By Ashley Lodato
As is often my habit on Sunday nights, I asked a few people what I should write about in my column for this week. The answer was unanimous: smoke.
To write about the smoke, or to not write about the smoke: That was the question I asked myself as I sat down to write this column on Sunday, Aug. 19. But any thoughts I have about the smoke are eclipsed by the thoughts I have about the three firefighters –Tommy Zbyszewski, Andrew Zajac and Richard Wheeler — who lost their lives in the Twisp River Fire three years ago today, and Daniel Lyon, who was so badly burned. I know that many of us around the valley have been thinking about them, especially on this third anniversary of that heartbreaking day.
Smoke, of course, is what we’re all talking about, all relentlessly monitoring the particulate quantity of, all hoping to escape from, all bemoaning the increased presence of. (Next week we will, perhaps, address the ending of sentences with prepositions, so if your grammarly hackles went up during the reading of the previous sentence, prepare to meet my defense of the prepositional sentence conclusion.) But I find myself with very little to add to the smoke conversation, so instead I decided to write about Aretha Franklin. Because who better to take our minds off smoke than the queen of soul?
I was fortunate enough to spend the past week rafting the Middle Fork of the Salmon River in the smoke-free heart of Idaho’s Frank Church/River of No Return Wilderness (spoiler alert — we returned). When we left the river and drove up out of the mountains and regained cell phone reception after eight days without, we learned that Aretha Franklin had died two days prior. From an adolescent church choir gospel singer to the first female to be inducted into the Rock & Roll Hall of Fame to the woman who gave us a spine-chilling rendition of “My Country ’Tis of Thee” at President Obama’s inauguration, Aretha was simply a musical luminary.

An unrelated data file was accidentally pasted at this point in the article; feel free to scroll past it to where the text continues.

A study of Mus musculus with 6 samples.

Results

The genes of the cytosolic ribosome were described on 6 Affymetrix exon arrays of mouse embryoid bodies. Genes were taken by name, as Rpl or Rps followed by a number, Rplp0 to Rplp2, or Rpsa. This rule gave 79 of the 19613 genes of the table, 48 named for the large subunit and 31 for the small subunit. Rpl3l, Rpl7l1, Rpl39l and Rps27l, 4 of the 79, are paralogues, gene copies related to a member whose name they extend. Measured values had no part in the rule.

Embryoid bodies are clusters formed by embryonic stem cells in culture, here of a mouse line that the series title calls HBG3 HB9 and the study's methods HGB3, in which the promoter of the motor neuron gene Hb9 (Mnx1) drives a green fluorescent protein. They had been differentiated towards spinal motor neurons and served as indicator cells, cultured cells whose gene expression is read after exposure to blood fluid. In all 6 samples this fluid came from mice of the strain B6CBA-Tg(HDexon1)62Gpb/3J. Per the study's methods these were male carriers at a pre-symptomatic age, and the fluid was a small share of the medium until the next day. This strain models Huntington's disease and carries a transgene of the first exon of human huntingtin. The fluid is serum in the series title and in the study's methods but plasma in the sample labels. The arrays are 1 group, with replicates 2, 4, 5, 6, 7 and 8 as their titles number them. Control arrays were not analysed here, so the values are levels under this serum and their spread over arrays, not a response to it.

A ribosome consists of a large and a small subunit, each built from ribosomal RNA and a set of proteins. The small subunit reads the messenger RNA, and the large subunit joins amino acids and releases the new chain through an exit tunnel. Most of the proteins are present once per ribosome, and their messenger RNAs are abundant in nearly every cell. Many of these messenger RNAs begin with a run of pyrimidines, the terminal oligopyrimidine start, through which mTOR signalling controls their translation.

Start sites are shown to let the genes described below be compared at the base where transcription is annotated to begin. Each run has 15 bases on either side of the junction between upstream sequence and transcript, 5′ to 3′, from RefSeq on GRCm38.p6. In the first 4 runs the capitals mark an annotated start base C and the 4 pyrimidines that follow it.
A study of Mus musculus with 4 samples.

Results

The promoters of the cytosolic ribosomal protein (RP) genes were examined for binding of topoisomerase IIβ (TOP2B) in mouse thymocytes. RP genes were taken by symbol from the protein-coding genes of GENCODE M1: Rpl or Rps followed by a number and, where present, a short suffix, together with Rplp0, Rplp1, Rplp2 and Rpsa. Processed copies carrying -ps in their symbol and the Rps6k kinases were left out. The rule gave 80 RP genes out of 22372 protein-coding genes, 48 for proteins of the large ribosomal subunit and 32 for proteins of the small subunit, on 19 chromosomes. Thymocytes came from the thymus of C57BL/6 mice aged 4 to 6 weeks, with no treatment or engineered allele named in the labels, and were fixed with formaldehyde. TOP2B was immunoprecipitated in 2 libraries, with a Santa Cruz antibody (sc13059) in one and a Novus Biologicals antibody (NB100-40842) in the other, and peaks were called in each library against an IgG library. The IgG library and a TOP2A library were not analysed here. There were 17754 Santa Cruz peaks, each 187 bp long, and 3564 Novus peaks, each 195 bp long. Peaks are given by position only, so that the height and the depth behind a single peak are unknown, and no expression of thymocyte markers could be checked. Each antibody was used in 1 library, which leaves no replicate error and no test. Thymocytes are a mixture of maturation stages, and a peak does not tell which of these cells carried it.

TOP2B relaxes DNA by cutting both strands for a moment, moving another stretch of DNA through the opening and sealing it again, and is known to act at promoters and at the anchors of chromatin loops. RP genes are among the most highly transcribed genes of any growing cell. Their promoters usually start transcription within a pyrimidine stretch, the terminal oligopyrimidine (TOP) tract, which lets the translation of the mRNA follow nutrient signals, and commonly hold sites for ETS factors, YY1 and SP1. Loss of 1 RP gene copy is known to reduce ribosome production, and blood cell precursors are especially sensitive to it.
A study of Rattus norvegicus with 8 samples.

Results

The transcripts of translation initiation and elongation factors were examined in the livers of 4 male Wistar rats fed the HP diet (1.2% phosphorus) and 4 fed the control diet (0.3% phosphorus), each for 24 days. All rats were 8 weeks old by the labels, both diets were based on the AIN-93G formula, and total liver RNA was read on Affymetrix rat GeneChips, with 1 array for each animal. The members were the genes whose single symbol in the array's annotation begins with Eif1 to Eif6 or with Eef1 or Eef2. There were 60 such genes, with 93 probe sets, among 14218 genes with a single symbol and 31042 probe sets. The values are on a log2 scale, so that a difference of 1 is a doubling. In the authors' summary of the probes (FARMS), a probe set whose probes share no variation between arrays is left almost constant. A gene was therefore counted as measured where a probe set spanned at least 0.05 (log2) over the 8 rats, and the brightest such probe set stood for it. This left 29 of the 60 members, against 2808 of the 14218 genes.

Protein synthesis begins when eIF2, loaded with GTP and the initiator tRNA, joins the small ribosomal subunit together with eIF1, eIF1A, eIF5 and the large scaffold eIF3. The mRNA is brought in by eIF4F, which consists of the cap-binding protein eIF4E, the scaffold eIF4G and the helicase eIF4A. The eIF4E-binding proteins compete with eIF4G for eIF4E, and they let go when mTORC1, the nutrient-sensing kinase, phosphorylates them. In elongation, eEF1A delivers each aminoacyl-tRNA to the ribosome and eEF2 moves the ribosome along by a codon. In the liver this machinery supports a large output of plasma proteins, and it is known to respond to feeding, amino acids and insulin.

I was reminded of other times when I emerged from the backcountry to find out that music legends had passed while I was blissfully unaware. The first really memorable one was when I hiked with 10 teen Outward Bound students out of the Absaroka-Beartooth Wilderness in Montana to a trailhead where a food resupply awaited us. As we stuffed our packs with a fresh allotment of trail food, we asked the resupply staff person for news of the outside world. “Jerry Garcia died 10 days ago,” he said.
I was sad to hear the news, but remained functional. The students, however, were almost uniformly bereft. Some sat down on the ground, completely stunned. Others cried. As we hiked back up the trail with heavy backpacks and heavy hearts, the students sang a mournful version of “Shakedown Street,” a ragged little tribute to Jerry.
Another such moment occurred in September of 2003, when a trip out of New Hampshire’s White Mountains gained me the knowledge that the world had lost Johnny Cash. My group of adult Outward Bound students managed their emotions in a more restrained manner than the Deadhead teens had the decade prior, but for the remainder of our expedition all you had to do to elicit at least a few teary eyes in our group was whistle the first few bars of “Ring of Fire.”
Although the surprise of delayed delivery of bad news is unwelcome, I’m still grateful for offline disconnected time in the wilderness. What author Gretel Erhlich calls “the solace of open spaces” makes ill tidings just a little bit easier to bear.
So farewell, Aretha. Forever you have my R-E-S-P-E-C-T.